WASHINGTON: US consumer spending slowed in August, with a key retail sales gauge unexpectedly declining, as extended unemployment benefits were cut for millions of Americans, offering more evidence that the economic recovery from the Covid-19 recession was faltering.
The report from the Commerce Department yesterday could ramp up pressure on the White House and Congress to restart stalled negotiations for another fiscal package. At least 29.6 million people are on unemployment benefits. Consumer spending accounts for more than two-thirds of the US economy and signs of fatigue are likely to grab the attention of Federal Reserve officials as they wrap up a two-day policy meeting.
Retail sales excluding automobiles, gasoline, building materials and food services dipped 0.1 per cent last month after a downwardly revised 0.9pc increase in July. These so-called core retail sales, which correspond most closely with the consumer spending component of gross domestic product, were previously reported to have advanced 1.4pc in July.
Economists polled by Reuters had forecast core retail sales rising 0.5pc in August. Overall retail sales increased 0.6pc in August, in part as higher gasoline prices supported receipts at service stations. Data for July was revised down to show retail sales increasing 0.9pc instead of 1.2pc as previously reported.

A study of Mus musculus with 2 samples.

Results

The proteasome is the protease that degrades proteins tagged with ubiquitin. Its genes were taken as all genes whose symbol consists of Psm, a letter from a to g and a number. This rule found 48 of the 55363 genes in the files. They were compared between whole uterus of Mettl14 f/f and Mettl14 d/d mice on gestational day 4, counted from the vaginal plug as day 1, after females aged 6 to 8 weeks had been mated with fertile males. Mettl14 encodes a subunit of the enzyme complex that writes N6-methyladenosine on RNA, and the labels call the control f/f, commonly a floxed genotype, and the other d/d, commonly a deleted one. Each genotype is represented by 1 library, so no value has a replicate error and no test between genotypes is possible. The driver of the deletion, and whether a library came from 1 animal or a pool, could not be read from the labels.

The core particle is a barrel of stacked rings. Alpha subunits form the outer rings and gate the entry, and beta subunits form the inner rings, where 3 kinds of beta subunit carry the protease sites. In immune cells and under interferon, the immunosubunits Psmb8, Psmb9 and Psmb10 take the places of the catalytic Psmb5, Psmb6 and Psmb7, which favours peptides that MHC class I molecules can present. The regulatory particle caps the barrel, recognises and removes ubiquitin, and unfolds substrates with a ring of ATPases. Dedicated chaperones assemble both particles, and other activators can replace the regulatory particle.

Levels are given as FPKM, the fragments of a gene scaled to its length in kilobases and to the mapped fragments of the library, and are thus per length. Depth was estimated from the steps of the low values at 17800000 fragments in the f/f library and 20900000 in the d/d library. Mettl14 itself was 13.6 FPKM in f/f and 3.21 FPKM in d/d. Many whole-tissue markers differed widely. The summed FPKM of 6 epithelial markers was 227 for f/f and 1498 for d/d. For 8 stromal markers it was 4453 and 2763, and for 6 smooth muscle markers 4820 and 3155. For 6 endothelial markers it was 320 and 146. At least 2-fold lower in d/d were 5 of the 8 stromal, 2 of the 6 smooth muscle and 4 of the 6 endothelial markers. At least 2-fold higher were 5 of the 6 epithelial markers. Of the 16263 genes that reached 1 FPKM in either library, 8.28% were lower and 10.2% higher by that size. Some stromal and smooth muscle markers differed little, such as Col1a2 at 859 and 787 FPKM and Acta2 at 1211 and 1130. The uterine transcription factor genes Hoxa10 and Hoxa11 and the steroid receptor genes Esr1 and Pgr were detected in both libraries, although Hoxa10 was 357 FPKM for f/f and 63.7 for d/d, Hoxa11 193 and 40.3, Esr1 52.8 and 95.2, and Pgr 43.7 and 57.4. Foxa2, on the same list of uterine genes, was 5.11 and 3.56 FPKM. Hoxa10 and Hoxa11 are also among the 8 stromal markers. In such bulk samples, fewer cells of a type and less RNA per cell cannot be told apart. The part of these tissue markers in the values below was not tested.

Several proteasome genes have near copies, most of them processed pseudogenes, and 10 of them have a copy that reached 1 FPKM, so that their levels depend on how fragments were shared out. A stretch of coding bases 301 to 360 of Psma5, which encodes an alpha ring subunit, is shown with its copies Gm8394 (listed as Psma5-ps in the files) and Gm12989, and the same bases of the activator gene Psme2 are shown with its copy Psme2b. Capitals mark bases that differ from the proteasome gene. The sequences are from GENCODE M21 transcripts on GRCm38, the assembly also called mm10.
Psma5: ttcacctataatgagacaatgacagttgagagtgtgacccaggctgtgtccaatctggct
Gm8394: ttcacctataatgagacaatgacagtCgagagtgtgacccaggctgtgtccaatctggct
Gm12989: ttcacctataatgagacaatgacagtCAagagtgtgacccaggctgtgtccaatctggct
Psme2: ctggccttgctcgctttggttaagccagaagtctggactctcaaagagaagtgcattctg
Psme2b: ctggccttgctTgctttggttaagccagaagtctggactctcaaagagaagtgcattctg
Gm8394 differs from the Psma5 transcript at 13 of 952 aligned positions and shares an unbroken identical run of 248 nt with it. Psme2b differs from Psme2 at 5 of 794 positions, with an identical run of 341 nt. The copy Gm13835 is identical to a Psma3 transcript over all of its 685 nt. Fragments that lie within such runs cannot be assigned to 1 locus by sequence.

The retail sales report followed data this month suggesting the labour market was losing speed after astounding employment gains in May and June as businesses reopened after being shuttered in mid-March to control the spread of the coronavirus.
Job growth slowed further in August and new applications for unemployment benefits remained perched at extraordinarily high levels in early September. At the same time, manufacturing is also showing signs of tiring, with output slowing last month.
A $600 weekly unemployment subsidy expired in July. It was replaced by a $300 weekly supplement, which was not available in all states, and funds for the programme are expected to run out this month. Economists estimated that the reduced unemployment benefits supplement cut income by about $70 billion in August.